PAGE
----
Faculty members at the University of Victoria have voted to certify as a trade union in a move that may signify the start of a trend across the province's research universities.

Campaigns to unionize are also under way at Simon Fraser University and the University of Northern British Columbia. If those succeed, the University of British Columbia will be left as the only major research university whose faculty is not represented by a certified union.

UBC's faculty association has been granted "voluntary recognition" by school management since 2000, giving it all the rights and responsibilities of a certified union.

"In a lot of ways, this is about modernizing the relationship between faculty and university managers," said Robert Clift, executive director of the Confederation of University Faculty Associations of B.C. "In some ways, in the 21st century, we're finally getting around to 20th-century labour relations in our universities."

Certified unions represent more than 80 per cent of faculty members across Canada's research universities. The major exception among the provinces is Alberta, where faculty unionization is prohibited by provincial statute.

Faculty unionization was banned in B.C. from 1977 until 1992, when the NDP government under Michael Harcourt repealed an anti-unionization clause in the University Act.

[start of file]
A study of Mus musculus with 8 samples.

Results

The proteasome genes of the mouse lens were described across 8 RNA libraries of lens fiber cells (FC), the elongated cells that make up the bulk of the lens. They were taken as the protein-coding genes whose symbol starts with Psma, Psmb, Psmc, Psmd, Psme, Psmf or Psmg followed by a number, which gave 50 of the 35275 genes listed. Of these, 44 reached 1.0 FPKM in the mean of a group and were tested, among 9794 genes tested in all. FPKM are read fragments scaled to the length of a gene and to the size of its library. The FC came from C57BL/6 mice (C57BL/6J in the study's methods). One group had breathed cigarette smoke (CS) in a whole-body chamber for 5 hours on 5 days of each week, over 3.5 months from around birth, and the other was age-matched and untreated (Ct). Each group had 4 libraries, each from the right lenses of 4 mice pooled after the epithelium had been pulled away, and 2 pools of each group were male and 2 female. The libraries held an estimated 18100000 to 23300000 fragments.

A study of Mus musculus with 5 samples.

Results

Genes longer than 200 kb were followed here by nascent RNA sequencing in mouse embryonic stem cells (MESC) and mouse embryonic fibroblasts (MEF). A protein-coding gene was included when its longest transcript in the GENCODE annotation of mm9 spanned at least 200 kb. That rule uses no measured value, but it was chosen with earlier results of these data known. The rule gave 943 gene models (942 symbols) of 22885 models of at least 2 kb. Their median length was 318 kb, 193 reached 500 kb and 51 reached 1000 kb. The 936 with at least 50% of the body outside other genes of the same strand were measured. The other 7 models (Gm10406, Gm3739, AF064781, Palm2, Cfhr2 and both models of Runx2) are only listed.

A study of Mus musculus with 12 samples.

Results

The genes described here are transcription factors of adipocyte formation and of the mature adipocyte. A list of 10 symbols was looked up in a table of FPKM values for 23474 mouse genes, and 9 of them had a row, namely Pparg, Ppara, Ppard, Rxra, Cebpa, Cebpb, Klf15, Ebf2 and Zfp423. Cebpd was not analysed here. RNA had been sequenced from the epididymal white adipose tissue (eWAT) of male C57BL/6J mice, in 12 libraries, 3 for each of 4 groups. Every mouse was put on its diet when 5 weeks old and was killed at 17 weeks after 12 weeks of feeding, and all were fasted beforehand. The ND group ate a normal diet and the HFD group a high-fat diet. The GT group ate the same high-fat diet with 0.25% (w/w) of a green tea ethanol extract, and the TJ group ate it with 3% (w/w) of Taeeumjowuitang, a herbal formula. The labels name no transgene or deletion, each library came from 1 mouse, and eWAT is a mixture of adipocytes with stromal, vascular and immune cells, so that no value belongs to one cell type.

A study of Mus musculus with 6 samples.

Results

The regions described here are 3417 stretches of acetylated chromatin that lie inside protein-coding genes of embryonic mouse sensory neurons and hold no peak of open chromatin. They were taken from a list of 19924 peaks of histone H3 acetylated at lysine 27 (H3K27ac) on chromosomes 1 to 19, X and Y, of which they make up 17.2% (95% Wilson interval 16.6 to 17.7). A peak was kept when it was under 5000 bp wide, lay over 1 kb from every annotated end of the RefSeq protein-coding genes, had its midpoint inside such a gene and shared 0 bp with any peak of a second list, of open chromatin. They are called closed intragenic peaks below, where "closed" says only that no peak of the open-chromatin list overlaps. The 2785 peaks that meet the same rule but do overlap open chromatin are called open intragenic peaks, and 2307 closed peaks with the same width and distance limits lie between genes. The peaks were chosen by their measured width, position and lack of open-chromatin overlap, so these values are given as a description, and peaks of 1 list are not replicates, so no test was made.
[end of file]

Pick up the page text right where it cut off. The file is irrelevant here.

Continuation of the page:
Mr. Clift said strategies learned during that 15-year period are partly responsible for the delayed transfer to unionization.

"Because the existing mechanisms were working, nobody saw a need to run out and get unionized," he said. "During that time it was illegal, we came up with other ways of getting stuff done. And those old ways are no longer adequate. Which is why folks are turning to unionization now."

Unionizing, Mr. Clift said, is a way of addressing a "power imbalance" during bargaining. Faculty associations are typically limited in the range of matters that can be bargained during contract negotiations with the university. By certifying, everything is on the bargaining table. That includes workloads, tenure and curriculum, according to Mr. Clift, who said that first and foremost "unionization at UVic, UNBC and SFU is not about salaries." Rather, he said, it's about "equalizing this power and finding a way in which everybody moves forward. As opposed to this imbalance where management is just dictating things."

Not all professors are excited about the push to unionize. Martin Farnham, an economics professor at the University of Victoria, was one of those behind "Why Certify," a website created to oppose the certification movement. Prof. Farnham said his major issues with unionization centred on the possibility of strike action on campus.

"Personally, I'm making above the 90th percentile in terms of incomes," he said. "And I just feel that ethically it's problematic for me to hold my students hostage in order to get a pay raise. More broadly speaking, I worry about people in the sciences who have labs where work is very time-sensitive. A strike could be crippling to research work."

Certifying as a trade union does not necessarily mean B.C. professors will reserve the right to strike, and Prof. Farnham suggested looking at UBC's model, where breaks in negotiation can be settled by binding interest arbitration.

The push to unionize among the province's research universities comes amid turmoil in negotiations between the provincial government and the British Columbia Teachers' Federation, a union representing public school teachers in the province.

However, a union representing university faculty would bargain with university management, not directly with the province.